Growing in popularity as the request from consumers to know about their carbon footprint. Carbon footprint includes your food. Where your food comes from, from how far, the inputs that are required, all factor in to the environmental impact of the food you eat.

What can you do to reduce your footprint?

One of the most important elements isn’t so much how far away the food came from but what it is you are eating.

Meat has the greatest environmental impact. In turn, vegetables provide among the least. Of all the products the least intense of the popular meats is poultry. The one with the most significant impact and damage on the environment is beef. Yes, your steak comes at a cost. And it’s not just four stomachs that produce a whole lotta flatulence. Sure, farts contribute to greenhouse gas emissions, But as the production of beef in general that has a greater impact. You have to think of all the feed required to raise a pound of beach. The water, feed, fertilizer for the feed, trucking, etc., all factor in.

Meat in general is a staple in wealthier countries, and as the middle class grows worldwide, the demand increases. But is it healthier? And is it hampering the environment? What are the alternatives?

Here’s the problem, how do you get your protein and maintain a balanced diet without meat?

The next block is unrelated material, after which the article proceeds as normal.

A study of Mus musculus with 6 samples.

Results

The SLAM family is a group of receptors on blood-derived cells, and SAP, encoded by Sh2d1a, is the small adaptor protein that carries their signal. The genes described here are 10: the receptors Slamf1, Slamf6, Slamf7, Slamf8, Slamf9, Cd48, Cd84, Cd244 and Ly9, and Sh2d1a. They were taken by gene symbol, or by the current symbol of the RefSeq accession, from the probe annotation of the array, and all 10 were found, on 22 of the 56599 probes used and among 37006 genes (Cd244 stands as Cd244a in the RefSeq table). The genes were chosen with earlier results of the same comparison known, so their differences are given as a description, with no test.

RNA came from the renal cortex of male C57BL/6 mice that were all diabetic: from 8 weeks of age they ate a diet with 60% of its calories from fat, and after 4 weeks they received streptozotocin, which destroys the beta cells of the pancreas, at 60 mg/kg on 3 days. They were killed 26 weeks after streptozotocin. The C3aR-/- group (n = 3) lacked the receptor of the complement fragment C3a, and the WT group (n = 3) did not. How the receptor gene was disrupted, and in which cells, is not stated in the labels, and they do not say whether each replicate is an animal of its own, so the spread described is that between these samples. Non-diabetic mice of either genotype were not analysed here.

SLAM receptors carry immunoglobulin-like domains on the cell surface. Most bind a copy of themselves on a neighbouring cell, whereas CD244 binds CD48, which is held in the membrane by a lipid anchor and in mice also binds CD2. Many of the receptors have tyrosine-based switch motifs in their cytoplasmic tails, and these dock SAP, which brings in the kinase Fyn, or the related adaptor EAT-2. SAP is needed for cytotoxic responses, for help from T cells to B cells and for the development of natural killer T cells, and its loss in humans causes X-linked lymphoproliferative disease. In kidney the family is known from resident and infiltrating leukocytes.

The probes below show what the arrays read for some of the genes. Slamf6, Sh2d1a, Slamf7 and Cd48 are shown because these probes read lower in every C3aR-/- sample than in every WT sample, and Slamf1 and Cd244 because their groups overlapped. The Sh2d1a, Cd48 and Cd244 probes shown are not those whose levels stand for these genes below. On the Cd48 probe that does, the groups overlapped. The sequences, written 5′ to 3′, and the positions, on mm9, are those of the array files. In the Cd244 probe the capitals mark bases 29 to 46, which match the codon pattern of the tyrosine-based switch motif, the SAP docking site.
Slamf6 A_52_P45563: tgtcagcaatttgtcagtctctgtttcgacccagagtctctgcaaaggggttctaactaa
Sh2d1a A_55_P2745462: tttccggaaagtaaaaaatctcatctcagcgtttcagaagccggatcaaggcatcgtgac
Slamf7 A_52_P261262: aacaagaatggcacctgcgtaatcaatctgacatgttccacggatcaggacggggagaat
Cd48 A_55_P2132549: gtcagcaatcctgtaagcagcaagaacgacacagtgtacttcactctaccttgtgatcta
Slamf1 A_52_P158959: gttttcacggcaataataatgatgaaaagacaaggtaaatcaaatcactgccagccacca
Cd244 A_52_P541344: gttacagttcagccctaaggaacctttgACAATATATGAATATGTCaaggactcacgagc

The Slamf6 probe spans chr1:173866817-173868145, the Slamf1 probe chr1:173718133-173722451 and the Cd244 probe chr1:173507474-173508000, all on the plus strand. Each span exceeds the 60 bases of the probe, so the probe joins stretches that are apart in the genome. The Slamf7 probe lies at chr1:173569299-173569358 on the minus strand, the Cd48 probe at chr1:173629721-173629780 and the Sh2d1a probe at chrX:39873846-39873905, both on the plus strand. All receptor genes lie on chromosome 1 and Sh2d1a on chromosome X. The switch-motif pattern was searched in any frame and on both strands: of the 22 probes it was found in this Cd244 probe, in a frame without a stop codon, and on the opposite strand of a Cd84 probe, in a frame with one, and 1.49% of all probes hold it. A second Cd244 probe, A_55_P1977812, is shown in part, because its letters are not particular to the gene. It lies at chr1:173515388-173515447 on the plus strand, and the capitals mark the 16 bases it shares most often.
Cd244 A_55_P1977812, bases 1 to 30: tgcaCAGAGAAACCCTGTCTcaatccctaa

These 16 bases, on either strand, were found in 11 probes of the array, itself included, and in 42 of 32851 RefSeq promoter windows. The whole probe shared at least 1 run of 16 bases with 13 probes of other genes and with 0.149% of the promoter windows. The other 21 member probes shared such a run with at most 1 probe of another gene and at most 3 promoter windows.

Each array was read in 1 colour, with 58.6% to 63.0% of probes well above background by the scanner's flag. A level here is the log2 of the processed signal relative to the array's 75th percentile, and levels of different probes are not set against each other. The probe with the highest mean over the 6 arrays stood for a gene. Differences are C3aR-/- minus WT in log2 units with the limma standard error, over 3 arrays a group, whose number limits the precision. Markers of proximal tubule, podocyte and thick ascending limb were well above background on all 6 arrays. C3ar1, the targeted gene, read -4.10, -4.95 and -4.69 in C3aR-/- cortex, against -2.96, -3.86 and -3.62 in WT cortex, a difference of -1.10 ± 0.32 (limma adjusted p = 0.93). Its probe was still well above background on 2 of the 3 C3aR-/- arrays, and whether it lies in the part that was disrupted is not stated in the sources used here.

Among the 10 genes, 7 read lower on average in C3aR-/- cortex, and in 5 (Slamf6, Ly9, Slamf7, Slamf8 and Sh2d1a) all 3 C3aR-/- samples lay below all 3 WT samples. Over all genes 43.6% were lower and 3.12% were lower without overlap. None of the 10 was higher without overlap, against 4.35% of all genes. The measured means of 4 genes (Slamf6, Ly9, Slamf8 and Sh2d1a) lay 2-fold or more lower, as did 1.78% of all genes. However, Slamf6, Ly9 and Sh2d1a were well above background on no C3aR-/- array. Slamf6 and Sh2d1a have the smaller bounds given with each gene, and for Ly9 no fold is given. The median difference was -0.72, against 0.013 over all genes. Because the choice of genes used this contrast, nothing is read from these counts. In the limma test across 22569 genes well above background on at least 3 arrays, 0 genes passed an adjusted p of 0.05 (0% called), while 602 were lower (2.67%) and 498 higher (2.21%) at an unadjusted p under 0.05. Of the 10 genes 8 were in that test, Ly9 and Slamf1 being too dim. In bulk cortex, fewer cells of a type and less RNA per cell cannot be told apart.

One answer is to find new sources of meat protein including seafoods that can be farmed (and not necessarily in the ocean). Shrimp is one. Another solution, although less palatable in the west, is the relatively inexpensive and abundant market for insects.

But ultimately the answer goes back to vegetables. Increasing consumption of legumes and beans are a vital addition to any diet. If you have meat for every single meal, consider reducing consumption for just one simple meal a week. Having an attainable goal is important when it comes to making measurable shifts in eating habits.

Although it might take some work to figure out portion sizing when replacing meat with beans, once you find a few recipes to consider in the vegetarian realm, add them to your regular cooking routine.

Of course this all assumes that you do most of your cooking at home. Not only is it a great way to control where you’re buying and using food, it’s also a great way to save money.